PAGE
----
Updated on July 31, 2017

The Palm Civet in Asia is represented by several different species and umpteen subspecies. The most familiar is the Common Palm Civet Paradoxurus hermaphroditus. This cat sized mammal is actually known as the 'Toddy Cat' in some areas but is not a member of the cat family. It is from the Viverridae. All Civets are omnivorous and largely nocturnal.

The Palm Civet is the primary harvester of the worlds most expensive coffee. The fussy civet sneaks into the coffee plantations at night and eats only the ripest and juiciest of the coffee berries. The coffee 'beans' are not digested but are acted upon and changed by enzymes in the Civets gut and are passed out in the Civet Poop. This is collected and the beans roasted and processed to produce pricey aromatic coffee (Kopi Luak). As long as you don't think about it it tastes fine. In spite of the high prices demanded it sells because of its reputed aphrodisiac properties. Not the only one with such a claim to fame. There is that famous Malaysian brew as well.

Today the poor little Palm Civet is being farmed in the most horrendous conditions to supply a luxury market.

Unprocessed Civet Coffee Beans



Civet Poo Beer

Civet in a Hole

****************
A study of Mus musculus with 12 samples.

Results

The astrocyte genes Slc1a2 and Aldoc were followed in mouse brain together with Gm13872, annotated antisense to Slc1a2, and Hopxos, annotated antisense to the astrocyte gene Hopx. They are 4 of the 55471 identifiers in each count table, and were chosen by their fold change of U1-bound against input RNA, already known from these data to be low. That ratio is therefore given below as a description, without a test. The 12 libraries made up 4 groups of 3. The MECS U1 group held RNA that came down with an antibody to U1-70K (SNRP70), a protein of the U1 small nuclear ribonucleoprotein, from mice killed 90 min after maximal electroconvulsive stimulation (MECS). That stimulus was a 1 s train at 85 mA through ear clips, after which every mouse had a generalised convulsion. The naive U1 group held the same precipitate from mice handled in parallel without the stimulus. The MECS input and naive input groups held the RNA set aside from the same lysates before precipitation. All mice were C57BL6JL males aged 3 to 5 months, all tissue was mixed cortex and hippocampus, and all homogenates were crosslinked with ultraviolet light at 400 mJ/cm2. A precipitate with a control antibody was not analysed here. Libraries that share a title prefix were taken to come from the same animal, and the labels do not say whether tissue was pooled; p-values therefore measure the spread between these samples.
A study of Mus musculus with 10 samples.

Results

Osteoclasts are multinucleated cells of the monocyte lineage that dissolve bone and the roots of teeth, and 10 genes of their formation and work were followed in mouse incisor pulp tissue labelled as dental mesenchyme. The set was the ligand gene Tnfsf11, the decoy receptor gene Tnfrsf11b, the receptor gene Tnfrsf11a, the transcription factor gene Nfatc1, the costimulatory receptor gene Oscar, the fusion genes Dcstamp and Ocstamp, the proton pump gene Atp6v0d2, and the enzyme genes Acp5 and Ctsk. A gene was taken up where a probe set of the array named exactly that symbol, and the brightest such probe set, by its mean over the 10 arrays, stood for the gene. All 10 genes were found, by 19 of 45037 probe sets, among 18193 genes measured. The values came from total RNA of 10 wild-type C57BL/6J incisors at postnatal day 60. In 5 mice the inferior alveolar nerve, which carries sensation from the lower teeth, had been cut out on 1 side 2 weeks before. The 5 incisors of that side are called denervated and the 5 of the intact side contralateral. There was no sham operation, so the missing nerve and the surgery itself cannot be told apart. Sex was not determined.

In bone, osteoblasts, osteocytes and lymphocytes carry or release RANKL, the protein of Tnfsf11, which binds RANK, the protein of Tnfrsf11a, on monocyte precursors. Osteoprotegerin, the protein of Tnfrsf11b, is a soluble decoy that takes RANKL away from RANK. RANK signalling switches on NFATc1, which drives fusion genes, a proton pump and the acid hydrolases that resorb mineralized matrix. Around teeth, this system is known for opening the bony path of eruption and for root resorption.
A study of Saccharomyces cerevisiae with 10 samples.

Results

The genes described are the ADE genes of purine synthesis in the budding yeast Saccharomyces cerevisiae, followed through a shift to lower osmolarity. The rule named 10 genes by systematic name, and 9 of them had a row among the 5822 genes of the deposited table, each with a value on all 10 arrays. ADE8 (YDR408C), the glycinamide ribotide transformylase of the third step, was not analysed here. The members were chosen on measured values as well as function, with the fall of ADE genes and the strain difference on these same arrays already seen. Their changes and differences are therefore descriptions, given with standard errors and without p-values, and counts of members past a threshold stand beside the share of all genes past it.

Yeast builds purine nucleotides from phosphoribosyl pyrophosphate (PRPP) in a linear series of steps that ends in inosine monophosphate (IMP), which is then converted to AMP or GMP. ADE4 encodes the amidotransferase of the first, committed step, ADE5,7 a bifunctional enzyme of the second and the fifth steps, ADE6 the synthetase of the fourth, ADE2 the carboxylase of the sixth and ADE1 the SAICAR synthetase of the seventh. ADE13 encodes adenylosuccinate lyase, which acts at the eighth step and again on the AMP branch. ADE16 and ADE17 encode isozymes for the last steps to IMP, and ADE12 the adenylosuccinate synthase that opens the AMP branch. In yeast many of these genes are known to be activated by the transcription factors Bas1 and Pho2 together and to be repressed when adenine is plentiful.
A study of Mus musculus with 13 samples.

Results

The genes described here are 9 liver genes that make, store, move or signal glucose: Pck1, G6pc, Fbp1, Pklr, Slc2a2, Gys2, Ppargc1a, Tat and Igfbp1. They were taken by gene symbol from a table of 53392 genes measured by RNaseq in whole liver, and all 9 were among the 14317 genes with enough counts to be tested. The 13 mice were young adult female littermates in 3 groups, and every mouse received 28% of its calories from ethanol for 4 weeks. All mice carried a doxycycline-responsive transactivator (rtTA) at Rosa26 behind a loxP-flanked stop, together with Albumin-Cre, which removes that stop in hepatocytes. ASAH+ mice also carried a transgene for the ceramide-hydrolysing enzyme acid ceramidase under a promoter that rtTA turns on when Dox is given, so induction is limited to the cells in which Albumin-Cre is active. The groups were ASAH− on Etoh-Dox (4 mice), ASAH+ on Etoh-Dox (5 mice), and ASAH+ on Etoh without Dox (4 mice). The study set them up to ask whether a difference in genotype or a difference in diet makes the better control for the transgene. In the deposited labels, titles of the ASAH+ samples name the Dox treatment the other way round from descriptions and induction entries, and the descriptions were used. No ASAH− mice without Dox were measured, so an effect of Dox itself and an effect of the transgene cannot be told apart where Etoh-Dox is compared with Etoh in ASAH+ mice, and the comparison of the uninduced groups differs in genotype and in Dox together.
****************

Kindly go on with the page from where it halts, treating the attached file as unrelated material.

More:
This unfortunate little creature was blamed for the SARS outbreak in 2003. At the time the Civet figured highly on the menus of many Chinese meals. Thousands of of Palm Civets were slaughtered and incinerated. It was only after the fact that the most likely culprit was believed to be bats and that the Civet Cats had caught SARS off people.

You may think that you have seen Civet on the menu in some restaurants in Europe but it is unlikely....though the word 'Civet' is used to describe some French and Italian game cooking recipes.

World's most expensive coffee

The Palm Civet Gauge

The Palm Civet is common enough in Asia and practically every animal collection you visit will have at least one. To me, just because an animal is common does not make it any less deserving than the rarities. I am not alone of course as many staff in many zoos genuinely care about their animals.

It did not take me long into my tour of Asian Zoos to see there exists a parity in how a collection treats its Palm Civets. If the Palm Civet and its enclosure are dirty and ignored, its natural biology  not taken into account and if there is no cage furniture and enrichment then the rest of the zoo will compare in many ways.

Zoos which cannot care for Palm Civets should not keep animals at all. 

So that is the Palm Civet Gauge. Give it a try sometime.



    Peter Dickinson 8 years ago from South East Asia

    dohn - I have enjoyed the coffee a time or two but not at the outrageous prices quoted. Definitely I would give the beer a try but like you I am not into the consuming of carnivores...yes close to the mongoose. Thank you for your comment.

  • dohn121 profile image

    dohn121 8 years ago from Hudson Valley, New York

    What a fascinating creature. I'm sure it shares its traits with the mongoose and the weasel? I'd really like to give that coffee a try as I am a big fan...Not so sure about the beer however and no, I don't want to try it as a meal! Thank you Peter for this interesting hub.